The Allen School has a proud tradition of nurturing undergraduate student researchers whose work has the potential for real-world impact. This year, three of those students — Jerry Cao, Mike He and Yu Xin — earned honorable mentions from the Computing Research Association (CRA) as part of its 2022 Outstanding Undergraduate Researcher Awards competition for their contributions in health sensing and fabrication, programming languages and machine learning, and building robust computer systems.
The CRA recognized senior Jerry Cao, who is majoring in computer science and applied mathematics, for his research in health sensing and fabrication. Advised by professors Jennifer Mankoff and Shwetak Patel, his work aims to apply computing and fabrication to improve individuals’ quality of life. To reduce the burden of health monitoring and make it easier for users to prototype custom tools that fit their personalized needs, Cao is creating a wearable device in compression sleeve-form for the leg that records changes in the blood volume in the body’s superficial tissue. This can help predict the onset of adverse symptoms throughout the day for conditions such as Postural Orthostatic Tachycardia Syndrome (POTS) where blood flow is improperly regulated throughout the body.
Cao is also working on a project to rapidly prototype physical objects. He aims to reduce the number of iterations — currently requiring several to reach the final product — by reconfiguring a model to support real-time iteration. He is developing a pipeline to take a parametric model and produce a reconfigurable prototype where each parameter can be adjusted up to a specified and allowed range. Users can more easily change the size of the physical model this way and record all the necessary measurements to fabricate a final version. For example, when building a cabinet, builders must ensure it fits in its designated space. The reconfigurable prototype will limit the iterations and allow users to explore different configurations of the object, then create the final version using actual materials.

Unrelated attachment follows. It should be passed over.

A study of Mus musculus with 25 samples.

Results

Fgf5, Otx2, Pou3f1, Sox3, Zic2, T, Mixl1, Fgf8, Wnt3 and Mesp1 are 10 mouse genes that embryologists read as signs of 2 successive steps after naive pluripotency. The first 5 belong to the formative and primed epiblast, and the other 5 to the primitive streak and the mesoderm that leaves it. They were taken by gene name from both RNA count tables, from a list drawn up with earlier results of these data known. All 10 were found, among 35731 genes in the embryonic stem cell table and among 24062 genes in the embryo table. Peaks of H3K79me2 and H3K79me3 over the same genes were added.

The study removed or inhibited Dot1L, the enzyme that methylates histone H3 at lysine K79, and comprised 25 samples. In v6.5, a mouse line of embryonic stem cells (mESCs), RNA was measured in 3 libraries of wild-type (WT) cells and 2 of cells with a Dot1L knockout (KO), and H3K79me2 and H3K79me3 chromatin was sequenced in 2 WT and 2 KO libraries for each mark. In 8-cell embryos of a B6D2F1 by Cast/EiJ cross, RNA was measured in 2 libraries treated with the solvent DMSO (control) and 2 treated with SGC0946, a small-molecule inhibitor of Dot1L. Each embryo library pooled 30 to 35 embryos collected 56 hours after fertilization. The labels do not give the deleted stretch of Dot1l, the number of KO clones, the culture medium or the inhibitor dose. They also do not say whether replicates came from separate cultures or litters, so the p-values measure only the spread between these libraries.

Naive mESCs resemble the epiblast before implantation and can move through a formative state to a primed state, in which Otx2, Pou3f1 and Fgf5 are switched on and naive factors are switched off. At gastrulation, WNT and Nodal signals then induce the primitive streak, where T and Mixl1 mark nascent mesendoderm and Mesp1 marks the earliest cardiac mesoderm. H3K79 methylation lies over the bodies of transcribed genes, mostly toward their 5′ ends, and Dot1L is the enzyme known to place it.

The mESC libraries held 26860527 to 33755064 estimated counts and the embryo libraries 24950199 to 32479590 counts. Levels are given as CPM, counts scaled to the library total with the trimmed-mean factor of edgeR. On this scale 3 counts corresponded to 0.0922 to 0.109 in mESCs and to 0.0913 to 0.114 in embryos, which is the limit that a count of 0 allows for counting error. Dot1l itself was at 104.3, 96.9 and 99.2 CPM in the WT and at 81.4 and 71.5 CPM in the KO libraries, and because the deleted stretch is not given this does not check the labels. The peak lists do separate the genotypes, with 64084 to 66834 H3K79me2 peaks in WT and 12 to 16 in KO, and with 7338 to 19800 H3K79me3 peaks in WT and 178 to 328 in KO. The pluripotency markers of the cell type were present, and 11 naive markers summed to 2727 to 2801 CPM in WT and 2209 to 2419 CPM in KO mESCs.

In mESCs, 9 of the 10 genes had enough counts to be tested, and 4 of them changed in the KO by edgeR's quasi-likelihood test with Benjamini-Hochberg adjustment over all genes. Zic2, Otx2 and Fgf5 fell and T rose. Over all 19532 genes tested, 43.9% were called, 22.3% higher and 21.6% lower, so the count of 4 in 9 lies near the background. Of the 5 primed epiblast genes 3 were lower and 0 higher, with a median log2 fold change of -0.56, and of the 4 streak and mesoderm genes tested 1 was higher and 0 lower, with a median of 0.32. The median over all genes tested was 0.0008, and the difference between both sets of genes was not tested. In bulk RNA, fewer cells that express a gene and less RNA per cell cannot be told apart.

Mike He, a senior studying computer science, was acknowledged for his work in programming languages, formal verification, compilers and machine learning systems. Advised by professor Zachary Tatlock, He worked with the Allen School’s PLSE group on Dynamic Tensor Rematerialization (DTR), an algorithm that trains deep learning models under constrained memory budgets. Since deep learning models use up a lot of GPU memory while training, He and his colleagues created DTR to train these models under restricted memory budgets. DTR removes restrictions on classic compilers and when memory fills up, DTR evicts the oldest, stalest, cheapest-to-recompute tensor to make room for the next allocation. If the training loop later tries to access a previously evicted tensor, DTR recomputes it on demand by tracking operator dependencies.
In addition to his contributions to DTR, He led the push to develop new flexible accelerator matching compiler techniques to easily target new hardware accelerators in deep learning frameworks. To do so, the team is enabling devices to be more easily incorporated into an existing DL framework and, in principle, for formal functional verification down to the hardware implementation. The project, 3LA, has a built-in pattern-matching algorithm that can find accelerator supported workloads in deep learning models using equality saturation. The project addressed the mapping gap between deep learning models represented in high-level domain-specific languages and specialized accelerators using instruction-level abstraction as the software-hardware interface.
Yu Xin, a senior studying computer science and applied and computational mathematical science, was honored by the CRA for his work with Allen School professor Arvind Krishnamurthy in building effective and robust computer systems. In particular, Xin worked to develop a scheduler for serving deep learning inference tasks. Applications using cloud-based deep learning models, when deployed on a large scale, tend to flood data center GPU clusters, slowing down the time it takes to respond and causing delays and extra expense. To help with the cost and speed, Xin and his collaborators created Symphony, a centralized dispatcher to satisfy requests within a latency bound, ensuring load-balance across GPUs and maximizing their efficiency by using appropriate dynamically-sized batches of inference requests. By loading dozens of deep learning models on each GPU, Symphony enables burst amortization across models and has the potential to eliminate the need for overprovisioning. Enabling multiple dispatchers for better scalability, Xin designed an algorithm to partition the model space into many disjoint subsets in which each dispatcher handles one of the models. The algorithm finds the partitioning scheme that minimizes the deviation between partitions in terms of total request rates and model sizes by generating and solving a Mixed Integer Linear Programming (MILP) problem.
Xin’s previous work includes developing tools for analyzing images of proteins generated from a cryo-electron microscope. For example, filtering out high-frequency noises by generating an artificial image based on a mathematical model and comparing it against every patch of the image to see if there is a match and then output all the matched results. This approach saves researchers time while increasing their effectiveness by directing their attention to the most relevant sites.
Congratulations to Jerry, Mike and Yu!